The book ends, really, at the story's beginning; after 315 pages (which are followed by another 30 pages of excellent notes), Sergei Prokofiev, 17, has received his diploma as a "Free Artist" from the St. Petersburg Conservatory (with a B in composition) and is trying to get his music performed.

Still in the future are the "Classical Symphony," "Alexander Nevsky," the great concertos, sonatas and quartets, the magnificent ballet music-in short, the only reasons anyone would want to read his autobiography.

Also in the future are the Russian revolution, the years of exile, the painful return and the trials of being an artist under Stalin.

The English edition of these memoirs would have been more accurate if it had retained Prokofiev's Russian title: "Notes From Childhood."

Not that a publication of Prokofiev's "Notes From Childhood" is a bad idea; Prokofiev was a child prodigy (he entered the conservatory at 13 bringing with him the manuscripts of four operas, several piano works and a symphony) and like that other prodigy, Mozart, his early years are unusually well documented.

Curiously, Prokofiev developed his taste for Mozart rather late in his precocious life. "My antipaty was so well defined," he remarks, "that when someone began to praise him I would exclaim, 'How can you like Mozart!'"

Letters from both Prokofiev and Mozart illuminate their early years away from home. Mozart went off on barnstorming musical tours of Europe with his father and wrote childishly exuberant messages (full of incongruously shrewd musical judgments) to his mother and his beloved sister Nannearl. Prokofiev's letters to his father (his mother went to live with him in the city that is now Leningrad) are more sober (his father was a more serious, dignified person than Mozart's sister) but minutely informative, including even a diagram of the room where he took his entrance examination for the conservatory.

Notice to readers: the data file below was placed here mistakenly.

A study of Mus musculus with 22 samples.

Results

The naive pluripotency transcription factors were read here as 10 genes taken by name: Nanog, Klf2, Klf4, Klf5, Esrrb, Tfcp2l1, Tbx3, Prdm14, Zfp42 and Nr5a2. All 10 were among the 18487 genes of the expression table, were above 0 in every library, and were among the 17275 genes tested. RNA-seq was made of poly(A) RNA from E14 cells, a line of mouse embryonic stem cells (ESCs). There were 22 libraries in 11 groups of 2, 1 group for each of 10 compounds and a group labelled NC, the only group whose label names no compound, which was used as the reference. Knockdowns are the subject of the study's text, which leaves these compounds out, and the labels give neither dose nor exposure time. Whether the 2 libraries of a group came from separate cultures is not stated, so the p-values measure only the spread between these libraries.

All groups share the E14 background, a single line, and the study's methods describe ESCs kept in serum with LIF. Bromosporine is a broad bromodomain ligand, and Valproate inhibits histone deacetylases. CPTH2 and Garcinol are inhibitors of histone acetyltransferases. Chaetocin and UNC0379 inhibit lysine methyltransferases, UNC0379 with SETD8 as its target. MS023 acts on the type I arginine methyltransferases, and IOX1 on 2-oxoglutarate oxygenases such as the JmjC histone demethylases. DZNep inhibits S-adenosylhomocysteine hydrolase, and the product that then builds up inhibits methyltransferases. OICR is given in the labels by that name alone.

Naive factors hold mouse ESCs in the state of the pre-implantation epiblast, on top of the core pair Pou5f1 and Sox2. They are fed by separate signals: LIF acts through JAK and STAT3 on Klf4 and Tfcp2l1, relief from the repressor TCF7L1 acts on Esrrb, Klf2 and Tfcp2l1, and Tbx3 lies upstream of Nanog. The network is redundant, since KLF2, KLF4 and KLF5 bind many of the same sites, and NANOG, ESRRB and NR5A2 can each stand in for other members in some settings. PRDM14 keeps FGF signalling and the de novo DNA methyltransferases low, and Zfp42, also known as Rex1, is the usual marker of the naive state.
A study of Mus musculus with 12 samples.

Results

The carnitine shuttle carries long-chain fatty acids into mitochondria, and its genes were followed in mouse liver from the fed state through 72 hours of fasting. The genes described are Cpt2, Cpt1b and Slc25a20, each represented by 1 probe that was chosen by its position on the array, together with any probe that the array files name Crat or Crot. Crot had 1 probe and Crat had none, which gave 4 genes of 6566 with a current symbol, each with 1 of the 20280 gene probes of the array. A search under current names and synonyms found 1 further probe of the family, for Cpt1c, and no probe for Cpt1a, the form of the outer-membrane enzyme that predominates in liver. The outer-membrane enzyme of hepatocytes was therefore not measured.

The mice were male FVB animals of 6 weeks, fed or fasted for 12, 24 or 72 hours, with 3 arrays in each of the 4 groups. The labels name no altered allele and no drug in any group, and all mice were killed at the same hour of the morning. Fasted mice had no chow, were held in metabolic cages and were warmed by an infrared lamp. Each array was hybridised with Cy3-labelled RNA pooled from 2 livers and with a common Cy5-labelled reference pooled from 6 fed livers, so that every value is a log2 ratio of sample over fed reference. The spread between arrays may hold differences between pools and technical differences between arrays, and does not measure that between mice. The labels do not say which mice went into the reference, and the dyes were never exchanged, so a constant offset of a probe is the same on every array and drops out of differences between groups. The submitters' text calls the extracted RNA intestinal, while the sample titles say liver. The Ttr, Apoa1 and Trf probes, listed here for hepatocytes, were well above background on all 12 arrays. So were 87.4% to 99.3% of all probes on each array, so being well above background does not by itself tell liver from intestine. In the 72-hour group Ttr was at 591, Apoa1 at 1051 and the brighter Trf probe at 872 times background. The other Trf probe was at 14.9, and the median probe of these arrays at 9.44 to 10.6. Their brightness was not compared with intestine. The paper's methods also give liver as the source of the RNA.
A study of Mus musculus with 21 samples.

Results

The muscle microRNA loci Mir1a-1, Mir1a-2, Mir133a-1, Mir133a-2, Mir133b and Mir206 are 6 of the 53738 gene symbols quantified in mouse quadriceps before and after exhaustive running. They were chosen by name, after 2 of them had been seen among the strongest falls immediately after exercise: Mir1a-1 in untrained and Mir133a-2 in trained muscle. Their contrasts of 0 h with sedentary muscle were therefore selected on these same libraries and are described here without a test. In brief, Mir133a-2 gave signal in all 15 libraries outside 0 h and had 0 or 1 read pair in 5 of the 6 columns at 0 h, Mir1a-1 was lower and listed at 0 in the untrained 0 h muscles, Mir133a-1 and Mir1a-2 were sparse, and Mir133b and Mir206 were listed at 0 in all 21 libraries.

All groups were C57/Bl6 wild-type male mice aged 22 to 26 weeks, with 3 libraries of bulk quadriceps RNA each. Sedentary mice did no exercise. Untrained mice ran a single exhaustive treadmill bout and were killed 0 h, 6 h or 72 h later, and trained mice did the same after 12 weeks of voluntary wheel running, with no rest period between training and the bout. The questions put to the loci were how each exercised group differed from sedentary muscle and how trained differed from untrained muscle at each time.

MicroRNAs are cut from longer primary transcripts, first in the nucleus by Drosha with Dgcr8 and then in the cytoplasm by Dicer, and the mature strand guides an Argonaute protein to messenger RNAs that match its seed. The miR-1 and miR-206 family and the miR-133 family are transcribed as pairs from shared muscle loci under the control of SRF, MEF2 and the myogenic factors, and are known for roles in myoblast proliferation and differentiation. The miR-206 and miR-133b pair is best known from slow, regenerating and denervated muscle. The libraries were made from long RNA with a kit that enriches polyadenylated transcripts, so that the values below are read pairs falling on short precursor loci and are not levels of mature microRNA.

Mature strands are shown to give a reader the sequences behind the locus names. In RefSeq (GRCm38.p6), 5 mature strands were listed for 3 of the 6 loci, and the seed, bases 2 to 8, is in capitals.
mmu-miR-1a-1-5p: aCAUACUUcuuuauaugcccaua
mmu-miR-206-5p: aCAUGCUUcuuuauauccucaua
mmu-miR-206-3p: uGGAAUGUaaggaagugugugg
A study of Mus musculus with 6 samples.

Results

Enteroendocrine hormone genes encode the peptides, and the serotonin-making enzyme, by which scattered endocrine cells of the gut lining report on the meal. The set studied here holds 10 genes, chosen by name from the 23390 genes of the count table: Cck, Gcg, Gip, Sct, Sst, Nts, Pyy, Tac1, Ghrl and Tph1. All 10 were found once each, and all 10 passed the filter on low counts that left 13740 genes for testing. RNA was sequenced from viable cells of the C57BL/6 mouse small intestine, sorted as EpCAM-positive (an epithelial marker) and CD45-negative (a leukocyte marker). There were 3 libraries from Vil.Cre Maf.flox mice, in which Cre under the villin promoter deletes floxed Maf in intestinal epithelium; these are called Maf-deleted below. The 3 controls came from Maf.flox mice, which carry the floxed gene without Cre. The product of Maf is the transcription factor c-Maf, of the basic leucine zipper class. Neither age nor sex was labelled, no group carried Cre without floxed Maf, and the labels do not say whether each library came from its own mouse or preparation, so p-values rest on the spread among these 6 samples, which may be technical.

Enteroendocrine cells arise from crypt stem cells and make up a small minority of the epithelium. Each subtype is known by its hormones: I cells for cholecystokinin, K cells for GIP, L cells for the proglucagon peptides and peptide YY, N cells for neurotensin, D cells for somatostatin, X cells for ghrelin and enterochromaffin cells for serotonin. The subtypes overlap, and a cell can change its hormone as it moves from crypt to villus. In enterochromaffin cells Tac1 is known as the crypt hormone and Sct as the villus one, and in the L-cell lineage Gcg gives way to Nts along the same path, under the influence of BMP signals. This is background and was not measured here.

Prokofiev's father, a college-trained agronomist pioneering scientific farming pricniples on a large Ukrainian estate, was affluent enough an expert tutor (the composer Giliere) for the summer months after it became apparent that little Sergei's talent was out of the ordinary. Some of the brightest, most charming pages in the memoir are devoted to his encounter of a brash, talented 11-year-old with a seasoned, professional musician-the boyhs impetuous eagerness to forge ahead and write a whole symphony as soon as he has learned how the orchestral instruments are used, and the tutor's bemused, short-lived resistance to the child whose reputation would ultimately eclipse his own.

Like most prodigies, Prokofiev was somewhat unbalanced in his development. He was composing adult music before he was allowed to read adult books (which he graded, as he did the music he heard, giving Turgenev and Tolstoy and A, but some of Beethoven's music only a C), and his sexual awareness, by his own account, arrived unusually late.

Despite the 135 years that separate their births, Prokofiev, like Mozart, grew up in an essentially feudal society. But Prokofiev's society was heading rapidly for violent change, though he shows very little awareness of the processes at work until they begin to disrupt his life.

For devotees of Prokofiev's music (who will be, naturally, the book's primary readership), possibly the most fascinating part of this memoir will be the musical notation (in the composer's own handwriting) of themes from his early works, beginning with "a tune that took on a completely acceptable form," composed when he was only 5. Most of the music presented is otherwise lost or, if not lost, quite forgotten, but sometimes it shows a scintilla of his later genius and his comments on it give a fascinating glimpse of a young genius learning to become a mature craftsman.